Published: July 31, 2019 | Comments
Many years ago, as a new office worker, I complained to my father about the politics of my office and how much I hated them. I just wanted to do good work and forget about the rest. He quickly replied that it wasn't possible not to be involved in office politics; it was just part of life. Politics were everywhere, not only in the office, so my best bet was to learn to manage them. A big part of effectively managing office politics is building my influence muscle so that I can get things done when I need to.
Because I want to become more influential, relationships are my goal. I don't mean building relationships to build myself up and manipulate things for my advantage. Instead, I want to build relationships for the good of the team as well as myself, to make working together happen more smoothly. These types of relationships are the cornerstone of influence, and I've learned just how necessary they are to being an influential person who gets things done.
One hundred years ago (1918) Charles Riborg Mann published his findings in a Study of Engineering Education. Since then, Harvard University, the Carnegie Foundation, and Stanford Research Center have come to the same conclusion. 85% of job success comes from having well-developed soft and people skills, and only 15% of job success comes from technical skills and knowledge.
Think about that. If I'm incredibly skilled in the technical areas of my job, but I don't I get along well with my coworkers, I won't succeed. Upon reflection, I realized that was why it took me a full year to feel like I'd mastered my job. I had all of the skills I needed to develop instruction and do my work, but it took a year for me to build relationships with all of my stakeholders, understand their needs, know where I could push a little more, and know when I should back off a bit. I learned what I needed to do to meet my stakeholders' needs, and who to go to when I needed something.
Sure, you can sit down and look at an organizational chart, but that doesn't tell you who can get things done, nor what people need from you. A lot of people think influence comes from the organizational chart - the higher up you are, the more influential you are. That is true, but it is also the weakest type of influence in the office because it is quite restrictive and incredibly hard to change. A CEO who hasn't gotten to know his team and others in the organization is going to be far less effective than one who has taken the time to build relationships throughout the organization.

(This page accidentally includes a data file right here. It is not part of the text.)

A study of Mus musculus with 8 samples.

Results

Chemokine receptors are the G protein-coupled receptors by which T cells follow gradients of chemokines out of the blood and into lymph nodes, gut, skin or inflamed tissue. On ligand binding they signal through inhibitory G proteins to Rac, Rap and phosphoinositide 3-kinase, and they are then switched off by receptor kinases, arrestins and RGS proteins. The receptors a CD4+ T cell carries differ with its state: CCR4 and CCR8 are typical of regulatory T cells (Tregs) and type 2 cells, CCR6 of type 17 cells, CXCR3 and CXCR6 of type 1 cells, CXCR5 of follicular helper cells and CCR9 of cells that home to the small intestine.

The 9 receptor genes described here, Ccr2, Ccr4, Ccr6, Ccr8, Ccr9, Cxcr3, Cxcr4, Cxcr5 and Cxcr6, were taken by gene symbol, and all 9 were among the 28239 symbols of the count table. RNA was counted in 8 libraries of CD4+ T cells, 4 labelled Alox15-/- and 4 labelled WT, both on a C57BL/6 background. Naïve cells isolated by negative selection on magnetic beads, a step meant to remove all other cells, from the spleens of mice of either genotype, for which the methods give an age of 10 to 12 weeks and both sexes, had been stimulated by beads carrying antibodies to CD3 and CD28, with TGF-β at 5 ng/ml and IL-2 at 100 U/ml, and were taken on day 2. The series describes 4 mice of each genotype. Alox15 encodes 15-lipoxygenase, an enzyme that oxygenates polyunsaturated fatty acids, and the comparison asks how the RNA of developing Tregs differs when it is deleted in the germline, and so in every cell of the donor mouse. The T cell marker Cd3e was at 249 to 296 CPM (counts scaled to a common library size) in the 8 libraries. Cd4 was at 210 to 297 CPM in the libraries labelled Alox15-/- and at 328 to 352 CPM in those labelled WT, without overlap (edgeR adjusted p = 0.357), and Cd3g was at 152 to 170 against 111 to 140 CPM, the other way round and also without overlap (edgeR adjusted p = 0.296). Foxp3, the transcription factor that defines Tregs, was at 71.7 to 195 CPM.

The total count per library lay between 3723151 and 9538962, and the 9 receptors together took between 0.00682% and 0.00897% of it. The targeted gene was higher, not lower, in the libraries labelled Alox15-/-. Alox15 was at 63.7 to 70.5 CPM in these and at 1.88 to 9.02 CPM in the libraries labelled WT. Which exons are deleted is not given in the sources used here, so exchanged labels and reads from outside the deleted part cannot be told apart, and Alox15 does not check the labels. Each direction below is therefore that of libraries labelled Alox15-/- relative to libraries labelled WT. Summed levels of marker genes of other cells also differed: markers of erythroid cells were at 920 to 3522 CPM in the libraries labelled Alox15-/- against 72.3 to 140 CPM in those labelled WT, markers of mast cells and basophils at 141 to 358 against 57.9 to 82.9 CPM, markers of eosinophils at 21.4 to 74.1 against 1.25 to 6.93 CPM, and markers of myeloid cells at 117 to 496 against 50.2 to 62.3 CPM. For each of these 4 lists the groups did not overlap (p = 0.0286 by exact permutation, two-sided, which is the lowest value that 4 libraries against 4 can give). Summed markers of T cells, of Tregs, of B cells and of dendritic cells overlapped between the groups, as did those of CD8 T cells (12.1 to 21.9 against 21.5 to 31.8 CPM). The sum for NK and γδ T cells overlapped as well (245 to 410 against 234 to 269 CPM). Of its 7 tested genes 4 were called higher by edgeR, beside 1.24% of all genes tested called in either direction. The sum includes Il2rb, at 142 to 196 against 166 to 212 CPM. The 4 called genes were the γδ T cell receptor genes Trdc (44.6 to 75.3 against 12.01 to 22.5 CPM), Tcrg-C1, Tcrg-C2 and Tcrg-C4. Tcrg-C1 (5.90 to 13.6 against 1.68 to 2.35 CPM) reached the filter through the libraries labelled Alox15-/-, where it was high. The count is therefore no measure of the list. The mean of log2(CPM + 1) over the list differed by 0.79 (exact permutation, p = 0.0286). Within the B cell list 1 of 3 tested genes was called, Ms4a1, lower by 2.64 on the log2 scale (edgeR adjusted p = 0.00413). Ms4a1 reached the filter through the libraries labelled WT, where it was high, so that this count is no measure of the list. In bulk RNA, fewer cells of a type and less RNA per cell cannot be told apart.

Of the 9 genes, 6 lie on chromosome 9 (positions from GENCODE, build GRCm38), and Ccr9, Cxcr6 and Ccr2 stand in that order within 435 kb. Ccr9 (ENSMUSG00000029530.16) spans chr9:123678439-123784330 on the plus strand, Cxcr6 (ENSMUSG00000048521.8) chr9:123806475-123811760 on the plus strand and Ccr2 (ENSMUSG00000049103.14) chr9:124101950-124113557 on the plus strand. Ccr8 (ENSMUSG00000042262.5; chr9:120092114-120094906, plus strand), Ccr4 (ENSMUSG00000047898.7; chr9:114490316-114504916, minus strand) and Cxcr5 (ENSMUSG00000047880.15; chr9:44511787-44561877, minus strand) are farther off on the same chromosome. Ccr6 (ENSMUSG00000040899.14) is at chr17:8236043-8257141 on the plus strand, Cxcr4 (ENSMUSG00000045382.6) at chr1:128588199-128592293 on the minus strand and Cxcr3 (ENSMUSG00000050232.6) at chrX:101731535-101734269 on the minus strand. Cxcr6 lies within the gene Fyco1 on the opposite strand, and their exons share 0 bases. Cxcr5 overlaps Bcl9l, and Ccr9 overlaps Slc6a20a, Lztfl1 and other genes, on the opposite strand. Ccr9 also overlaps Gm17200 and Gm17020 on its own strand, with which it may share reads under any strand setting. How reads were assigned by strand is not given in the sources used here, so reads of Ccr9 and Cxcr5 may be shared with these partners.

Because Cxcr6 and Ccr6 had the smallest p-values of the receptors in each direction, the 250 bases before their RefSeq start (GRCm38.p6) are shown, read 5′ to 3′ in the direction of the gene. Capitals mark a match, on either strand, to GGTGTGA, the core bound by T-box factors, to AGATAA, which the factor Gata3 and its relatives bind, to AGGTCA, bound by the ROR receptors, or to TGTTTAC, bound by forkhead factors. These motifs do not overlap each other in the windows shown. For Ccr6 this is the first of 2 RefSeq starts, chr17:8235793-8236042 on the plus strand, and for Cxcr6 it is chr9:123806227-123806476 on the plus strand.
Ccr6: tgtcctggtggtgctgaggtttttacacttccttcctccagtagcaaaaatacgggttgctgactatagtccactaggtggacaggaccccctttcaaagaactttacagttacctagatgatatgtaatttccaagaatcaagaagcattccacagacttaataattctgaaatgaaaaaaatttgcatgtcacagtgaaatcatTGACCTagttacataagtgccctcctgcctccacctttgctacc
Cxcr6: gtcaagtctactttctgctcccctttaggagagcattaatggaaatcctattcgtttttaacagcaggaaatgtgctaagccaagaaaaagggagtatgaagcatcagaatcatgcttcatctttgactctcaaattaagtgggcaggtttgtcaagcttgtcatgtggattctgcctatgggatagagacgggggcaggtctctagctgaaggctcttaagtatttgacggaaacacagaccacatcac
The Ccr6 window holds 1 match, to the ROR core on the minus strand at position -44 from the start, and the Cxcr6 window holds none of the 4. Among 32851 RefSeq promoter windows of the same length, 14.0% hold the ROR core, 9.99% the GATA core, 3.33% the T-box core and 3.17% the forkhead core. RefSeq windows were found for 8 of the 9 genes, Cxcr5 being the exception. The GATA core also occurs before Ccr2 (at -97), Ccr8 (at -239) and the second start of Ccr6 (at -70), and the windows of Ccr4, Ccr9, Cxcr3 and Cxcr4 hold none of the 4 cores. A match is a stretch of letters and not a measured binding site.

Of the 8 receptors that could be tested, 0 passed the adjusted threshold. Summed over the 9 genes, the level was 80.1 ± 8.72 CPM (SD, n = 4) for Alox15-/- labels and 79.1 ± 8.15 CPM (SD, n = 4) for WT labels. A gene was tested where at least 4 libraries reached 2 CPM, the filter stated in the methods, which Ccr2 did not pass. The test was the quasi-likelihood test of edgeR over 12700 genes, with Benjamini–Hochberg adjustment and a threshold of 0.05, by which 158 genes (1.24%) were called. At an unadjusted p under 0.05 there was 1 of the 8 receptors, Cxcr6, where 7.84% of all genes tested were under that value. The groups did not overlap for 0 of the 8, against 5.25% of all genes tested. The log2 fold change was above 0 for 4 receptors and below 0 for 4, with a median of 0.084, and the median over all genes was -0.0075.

We see this happen all the time in organizations. In the contact center world, it is what happens when Marketing sends out a flyer without letting the contact center know ahead of time. It's when the company is rebranding a product or service and gives training a week to rebrand everything in the curriculum when it takes a month to identify and change everything. It's when IT makes a "minor" change to systems while I am out-of-town, and I can't get the message out to others promptly. I build my influence when I get to know people in marketing, IT, finance, and other departments, and they get to know me. Formal channels of communication are great, but informal ones often uncover needs before they become crises.
You have to get to know the people behind the organizational chart to have influence. You have to know the person who knows how to throw the switch. And if you have built a relationship with them, they are much more likely to throw that switch sooner rather than later. Requests from a "stranger" often get put behind the requests from people we know because we understand the impact those requests will have on the people we know. That's what it means to be influential.
In a webinar on office politics yesterday, we were told that relationships are a secret weapon. They can influence without organizational structure, and they can tap into the emotional part of the brain that helps get things done. Building human connections will make you more productive - and happier. That's the power of influence.